Peter Kageyama, author of “For the Love of Cities,” will present a free interactive workshop next month in Wichita, part of the Wichita Downtown Development Corp.’s spring lecture series.
Kageyama’s three-hour workshop begins at 3 p.m. April 17 at the Wichita Boathouse, 515 S. Wichita. There are 200 spots available; reservations are required. E-mail email@example.com or call 316-264-6005.
Kageyama, co-founder and producer of the Creative Cities Summit, will focus on local-based solutions that don’t require significant resources but can be quickly implemented, said Jeff Fluhr, president of the WDDC.
Downtown redevelopment efforts lose momentum if residents lose touch with the project, Kageyama said. His job is to show Wichitans easy ways to engage the revitalization effort.
“Right now, Wichita has gone through this master planning process,” he said. “People kind of lose interest. Development takes a long time, and we just want to live in the great picture produced by the early planning meetings.
“So the goal of the workshop is trying to give the citizens there a sense of ownership, a sense they have control over making their city a great city, more control then they tend to think.”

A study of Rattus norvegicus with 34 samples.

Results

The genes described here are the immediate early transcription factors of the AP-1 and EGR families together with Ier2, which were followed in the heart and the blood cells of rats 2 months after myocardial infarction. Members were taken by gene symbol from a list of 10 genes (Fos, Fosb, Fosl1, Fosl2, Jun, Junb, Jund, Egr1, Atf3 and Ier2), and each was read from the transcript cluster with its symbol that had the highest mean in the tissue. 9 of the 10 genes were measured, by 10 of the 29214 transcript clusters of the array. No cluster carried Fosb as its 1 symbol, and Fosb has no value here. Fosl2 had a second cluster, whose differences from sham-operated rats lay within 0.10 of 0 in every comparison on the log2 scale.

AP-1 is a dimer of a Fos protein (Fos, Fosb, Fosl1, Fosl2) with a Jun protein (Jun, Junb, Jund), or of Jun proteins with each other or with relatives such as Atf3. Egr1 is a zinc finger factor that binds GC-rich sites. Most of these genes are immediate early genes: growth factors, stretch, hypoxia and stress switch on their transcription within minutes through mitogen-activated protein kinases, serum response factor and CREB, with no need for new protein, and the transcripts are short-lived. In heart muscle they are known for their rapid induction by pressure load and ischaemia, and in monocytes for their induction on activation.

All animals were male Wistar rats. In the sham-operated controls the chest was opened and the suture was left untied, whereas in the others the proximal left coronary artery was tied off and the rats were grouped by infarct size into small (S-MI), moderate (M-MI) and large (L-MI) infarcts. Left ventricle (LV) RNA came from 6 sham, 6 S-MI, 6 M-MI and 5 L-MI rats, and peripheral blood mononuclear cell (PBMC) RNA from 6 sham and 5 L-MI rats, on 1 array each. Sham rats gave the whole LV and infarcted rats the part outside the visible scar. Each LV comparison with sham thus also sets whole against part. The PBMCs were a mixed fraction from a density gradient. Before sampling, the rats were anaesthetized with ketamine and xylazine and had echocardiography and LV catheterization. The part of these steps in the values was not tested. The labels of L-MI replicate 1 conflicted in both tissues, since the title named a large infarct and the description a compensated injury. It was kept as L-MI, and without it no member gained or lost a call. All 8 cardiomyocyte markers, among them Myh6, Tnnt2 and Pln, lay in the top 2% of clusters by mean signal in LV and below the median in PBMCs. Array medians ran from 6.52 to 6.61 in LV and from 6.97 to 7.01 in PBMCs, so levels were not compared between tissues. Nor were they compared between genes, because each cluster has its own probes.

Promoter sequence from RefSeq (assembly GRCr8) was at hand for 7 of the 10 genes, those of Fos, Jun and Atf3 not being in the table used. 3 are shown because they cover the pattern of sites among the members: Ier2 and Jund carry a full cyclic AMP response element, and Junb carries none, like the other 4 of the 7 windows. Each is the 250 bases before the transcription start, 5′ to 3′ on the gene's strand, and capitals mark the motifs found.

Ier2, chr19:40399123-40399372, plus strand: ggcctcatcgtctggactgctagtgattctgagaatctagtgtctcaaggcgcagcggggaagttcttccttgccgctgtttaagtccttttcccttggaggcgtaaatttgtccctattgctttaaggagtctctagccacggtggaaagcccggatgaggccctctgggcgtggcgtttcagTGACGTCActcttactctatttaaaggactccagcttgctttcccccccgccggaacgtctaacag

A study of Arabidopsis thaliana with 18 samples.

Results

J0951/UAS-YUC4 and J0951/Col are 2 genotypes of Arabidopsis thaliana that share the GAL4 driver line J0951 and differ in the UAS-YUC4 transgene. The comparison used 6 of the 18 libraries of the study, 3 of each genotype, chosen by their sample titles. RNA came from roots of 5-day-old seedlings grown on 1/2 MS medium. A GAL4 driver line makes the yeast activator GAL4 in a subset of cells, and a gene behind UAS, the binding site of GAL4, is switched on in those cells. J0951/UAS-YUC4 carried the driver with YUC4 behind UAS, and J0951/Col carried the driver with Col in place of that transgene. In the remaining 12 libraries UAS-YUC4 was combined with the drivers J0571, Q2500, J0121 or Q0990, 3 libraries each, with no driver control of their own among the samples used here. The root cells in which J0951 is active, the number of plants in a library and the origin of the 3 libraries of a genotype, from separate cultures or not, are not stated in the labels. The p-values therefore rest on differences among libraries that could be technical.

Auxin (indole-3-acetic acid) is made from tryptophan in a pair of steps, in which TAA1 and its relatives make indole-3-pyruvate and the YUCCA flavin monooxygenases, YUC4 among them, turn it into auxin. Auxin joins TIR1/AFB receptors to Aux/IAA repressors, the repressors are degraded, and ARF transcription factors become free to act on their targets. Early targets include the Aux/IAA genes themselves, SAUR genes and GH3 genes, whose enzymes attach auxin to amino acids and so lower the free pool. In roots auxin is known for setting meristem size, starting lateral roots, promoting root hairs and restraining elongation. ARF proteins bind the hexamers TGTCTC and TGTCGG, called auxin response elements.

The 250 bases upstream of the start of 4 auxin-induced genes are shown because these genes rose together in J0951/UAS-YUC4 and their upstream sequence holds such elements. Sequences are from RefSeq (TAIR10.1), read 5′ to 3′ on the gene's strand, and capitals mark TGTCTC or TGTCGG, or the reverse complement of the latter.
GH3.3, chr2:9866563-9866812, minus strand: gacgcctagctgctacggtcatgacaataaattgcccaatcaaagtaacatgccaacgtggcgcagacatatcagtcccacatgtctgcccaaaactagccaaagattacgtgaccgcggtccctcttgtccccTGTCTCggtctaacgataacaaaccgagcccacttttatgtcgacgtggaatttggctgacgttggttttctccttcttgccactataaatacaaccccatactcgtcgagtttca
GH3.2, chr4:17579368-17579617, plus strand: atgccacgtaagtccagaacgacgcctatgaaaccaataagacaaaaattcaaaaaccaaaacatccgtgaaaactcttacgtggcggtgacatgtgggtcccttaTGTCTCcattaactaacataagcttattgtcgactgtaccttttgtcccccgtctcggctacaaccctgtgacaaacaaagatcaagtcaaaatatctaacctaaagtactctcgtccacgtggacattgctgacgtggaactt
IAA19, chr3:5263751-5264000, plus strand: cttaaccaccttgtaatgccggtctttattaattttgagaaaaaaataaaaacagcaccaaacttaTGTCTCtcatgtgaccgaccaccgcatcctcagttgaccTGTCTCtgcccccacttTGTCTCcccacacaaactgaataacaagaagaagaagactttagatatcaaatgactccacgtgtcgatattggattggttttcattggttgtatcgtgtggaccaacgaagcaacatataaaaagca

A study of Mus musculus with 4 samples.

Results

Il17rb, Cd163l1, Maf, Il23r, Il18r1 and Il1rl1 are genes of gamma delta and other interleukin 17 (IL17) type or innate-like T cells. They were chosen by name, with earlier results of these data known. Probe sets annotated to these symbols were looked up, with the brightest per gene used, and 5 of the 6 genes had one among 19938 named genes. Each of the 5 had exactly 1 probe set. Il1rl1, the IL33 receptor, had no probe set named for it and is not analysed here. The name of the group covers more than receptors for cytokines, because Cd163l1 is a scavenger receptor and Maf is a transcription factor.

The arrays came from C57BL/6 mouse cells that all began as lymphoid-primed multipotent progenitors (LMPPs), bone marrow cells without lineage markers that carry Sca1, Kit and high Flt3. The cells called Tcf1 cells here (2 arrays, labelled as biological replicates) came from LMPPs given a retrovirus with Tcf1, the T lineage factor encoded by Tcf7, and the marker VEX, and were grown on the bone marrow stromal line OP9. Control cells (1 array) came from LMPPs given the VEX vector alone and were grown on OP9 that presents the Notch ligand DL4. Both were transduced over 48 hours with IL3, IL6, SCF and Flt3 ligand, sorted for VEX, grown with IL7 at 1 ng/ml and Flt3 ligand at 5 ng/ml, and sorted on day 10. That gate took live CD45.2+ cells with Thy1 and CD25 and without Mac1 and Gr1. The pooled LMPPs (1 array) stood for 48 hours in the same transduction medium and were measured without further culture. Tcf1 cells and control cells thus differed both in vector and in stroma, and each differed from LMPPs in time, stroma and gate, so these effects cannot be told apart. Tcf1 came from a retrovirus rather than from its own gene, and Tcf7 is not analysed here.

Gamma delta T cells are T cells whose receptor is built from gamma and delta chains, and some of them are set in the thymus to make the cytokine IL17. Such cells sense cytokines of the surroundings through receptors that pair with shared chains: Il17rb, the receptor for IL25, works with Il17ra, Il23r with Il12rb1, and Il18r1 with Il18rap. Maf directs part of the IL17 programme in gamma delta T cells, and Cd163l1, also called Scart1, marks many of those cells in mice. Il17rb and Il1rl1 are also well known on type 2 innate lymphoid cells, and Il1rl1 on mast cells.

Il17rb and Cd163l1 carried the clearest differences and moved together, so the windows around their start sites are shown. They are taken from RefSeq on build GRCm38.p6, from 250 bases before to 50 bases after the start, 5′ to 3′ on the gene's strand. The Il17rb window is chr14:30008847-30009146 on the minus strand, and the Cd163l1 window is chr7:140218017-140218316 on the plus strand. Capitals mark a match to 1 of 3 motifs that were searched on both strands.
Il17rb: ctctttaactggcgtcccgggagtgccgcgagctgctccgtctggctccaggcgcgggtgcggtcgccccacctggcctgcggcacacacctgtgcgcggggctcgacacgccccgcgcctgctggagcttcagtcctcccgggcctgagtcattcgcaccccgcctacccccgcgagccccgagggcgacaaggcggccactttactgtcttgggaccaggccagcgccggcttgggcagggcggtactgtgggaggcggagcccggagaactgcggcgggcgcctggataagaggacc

Kageyama tries to capture grassroots support for downtown revitalization.
“We’re going to show your people other examples around the country of citizen-led efforts without a lot of money, expertise and in some cases permission,” he said. “These efforts have made their communities more interesting, loveable places to live. We don’t have citizens building bridges and buildings, but we start little projects with a strong short-term impact. The trick is people lose interest when the momentum slows. Buildings go up slow. People need to see a difference in the short term.”
Kageyama’s book, “For the Love of Cities,” looks at what makes cities lovable, what motivates residents to do extraordinary things for their places. Kageyama’s expertise is in the areas of local community development, talent attraction and retention and creative industries development.
The workshop is held in partnership with the John S. and James L. Knight Foundation. A fall event also is planned, Fluhr said.